It’s All Connected: The Cosmos, the Climate, a Colleague, and the Celebrity Death of O.J. Simpson


How does everything connect?




For me, this past Wednesday seemed to be a day when all the major levels of social psychiatry coalesced.

If you have been following my columns on the solar eclipse and its feelings of cosmic connections, we finished our watch and were on our long drive home to Milwaukee from Texas. The events had the best examples of a collective sense of well-being as the full eclipse emerged in the totality zone. If only that feeling could be captured and continued!

On the way home, we stayed just ahead of the deadly storms passing over the Southeast. But clearly, we as a people and profession have not stayed ahead of climate instability. Whatever we psychiatrists and climate activists have been doing is not good enough, even if it has been very helpful in certain ways, such as climate-related conditions and climate-oriented care.

Then, upon checking email after we stopped driving, I opened one from a colleague who was a mentor and role model for my career focus on ethics in general, and controversial managed care in particular.1 I will keep this anonymous for now, although perhaps who it is will come to mind for some. After we lost contact for some years, his note included a reference to a 2011 blog of his that referenced me. We did much work together. Much more importantly, this blog was an example of his recent search through religious and spirituality blogs. Why was he doing so and reconnected now? He wrote that he faced unanticipated surgery yesterday for pancreatic cancer.

Less personal, I then heard of the prostate cancer death of O.J. Simpson, the star football player and entertainer. In “The Trial of the Century” that followed a police chase, he was tried for possible murder. He and the trial could be said to be the progenitors of our country’s increasing cultural divisiveness, judicial racism, the explosion of alternative media, and the challenge of proving facts among conspiracy theories, especially if that involved educational and political celebrities. As his attorney Johnnie Cochrane famously or infamously said:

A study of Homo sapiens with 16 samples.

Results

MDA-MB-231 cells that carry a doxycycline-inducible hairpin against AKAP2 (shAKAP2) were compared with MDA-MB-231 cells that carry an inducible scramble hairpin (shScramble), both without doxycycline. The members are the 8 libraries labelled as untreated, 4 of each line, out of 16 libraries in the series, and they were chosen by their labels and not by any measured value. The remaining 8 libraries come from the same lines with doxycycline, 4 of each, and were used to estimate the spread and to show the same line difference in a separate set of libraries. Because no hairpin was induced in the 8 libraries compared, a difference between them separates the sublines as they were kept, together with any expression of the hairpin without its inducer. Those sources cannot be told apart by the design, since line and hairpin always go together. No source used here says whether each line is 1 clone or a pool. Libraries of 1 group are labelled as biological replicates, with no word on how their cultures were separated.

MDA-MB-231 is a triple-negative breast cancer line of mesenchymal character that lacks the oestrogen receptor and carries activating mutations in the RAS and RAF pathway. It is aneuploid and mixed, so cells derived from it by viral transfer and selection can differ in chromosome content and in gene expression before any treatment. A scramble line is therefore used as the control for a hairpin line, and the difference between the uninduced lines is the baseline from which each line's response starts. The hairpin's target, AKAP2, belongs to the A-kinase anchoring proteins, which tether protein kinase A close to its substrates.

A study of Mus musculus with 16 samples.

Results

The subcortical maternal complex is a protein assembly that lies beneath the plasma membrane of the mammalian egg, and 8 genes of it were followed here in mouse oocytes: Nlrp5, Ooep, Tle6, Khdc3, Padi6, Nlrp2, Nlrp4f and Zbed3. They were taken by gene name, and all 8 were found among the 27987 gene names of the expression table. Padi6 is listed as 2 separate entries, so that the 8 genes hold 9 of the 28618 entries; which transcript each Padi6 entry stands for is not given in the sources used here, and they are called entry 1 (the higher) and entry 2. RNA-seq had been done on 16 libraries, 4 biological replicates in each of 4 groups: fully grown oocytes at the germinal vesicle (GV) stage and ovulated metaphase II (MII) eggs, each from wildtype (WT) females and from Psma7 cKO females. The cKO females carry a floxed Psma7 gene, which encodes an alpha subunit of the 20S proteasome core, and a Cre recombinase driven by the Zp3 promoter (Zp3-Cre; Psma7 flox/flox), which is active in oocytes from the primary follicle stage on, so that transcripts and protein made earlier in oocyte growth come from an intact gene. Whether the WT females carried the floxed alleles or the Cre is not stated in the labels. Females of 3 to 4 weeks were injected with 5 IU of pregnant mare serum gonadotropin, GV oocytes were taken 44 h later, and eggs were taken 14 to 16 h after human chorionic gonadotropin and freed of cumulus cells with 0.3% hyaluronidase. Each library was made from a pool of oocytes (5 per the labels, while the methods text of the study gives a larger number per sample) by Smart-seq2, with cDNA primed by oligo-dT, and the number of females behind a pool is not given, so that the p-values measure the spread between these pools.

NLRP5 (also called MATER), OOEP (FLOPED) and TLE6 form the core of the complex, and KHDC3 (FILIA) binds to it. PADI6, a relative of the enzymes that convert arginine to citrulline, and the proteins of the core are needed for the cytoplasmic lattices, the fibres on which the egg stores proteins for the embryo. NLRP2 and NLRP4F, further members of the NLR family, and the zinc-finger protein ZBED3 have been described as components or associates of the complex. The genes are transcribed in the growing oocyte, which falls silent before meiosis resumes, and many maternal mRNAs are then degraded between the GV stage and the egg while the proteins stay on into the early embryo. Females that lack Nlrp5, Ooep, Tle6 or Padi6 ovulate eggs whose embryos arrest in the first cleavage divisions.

“If the glove doesn’t fit, you must acquit.”

And Simpson was acquitted in that trial, but not following ones.

As I process these developments and spring moves forward in the United States, I am left with reminders of the preciousness of life, ranging from the most personal to the fleeting collective.

Dr Moffic is an award-winning psychiatrist who specialized in the cultural and ethical aspects of psychiatry and is now in retirement and retirement as a private pro bono community psychiatrist. A prolific writer and speaker, he has done a weekday column titled “Psychiatric Views on the Daily News” and a weekly video, “Psychiatry & Society,” since the COVID-19 pandemic emerged. He was chosen to receive the 2024 Abraham Halpern Humanitarian Award from the American Association for Social Psychiatry. Previously, he received the Administrative Award in 2016 from the American Psychiatric Association, the one-time designation of being a Hero of Public Psychiatry from the Speaker of the Assembly of the APA in 2002, and the Exemplary Psychiatrist Award from the National Alliance for the Mentally Ill in 1991. He is an advocate and activist for mental health issues related to climate instability, physician burnout, and xenophobia. He is now editing the final book in a 4-volume series on religions and psychiatry for Springer: Islamophobia, anti-Semitism, Christianity, and now The Eastern Religions, and Spirituality. He serves on the Editorial Board of Psychiatric Times.


1. Moffic HS. The Ethical Way: Challenges & Solutions in Managed Behavioral Healthcare. Jossey-Bass; 1997.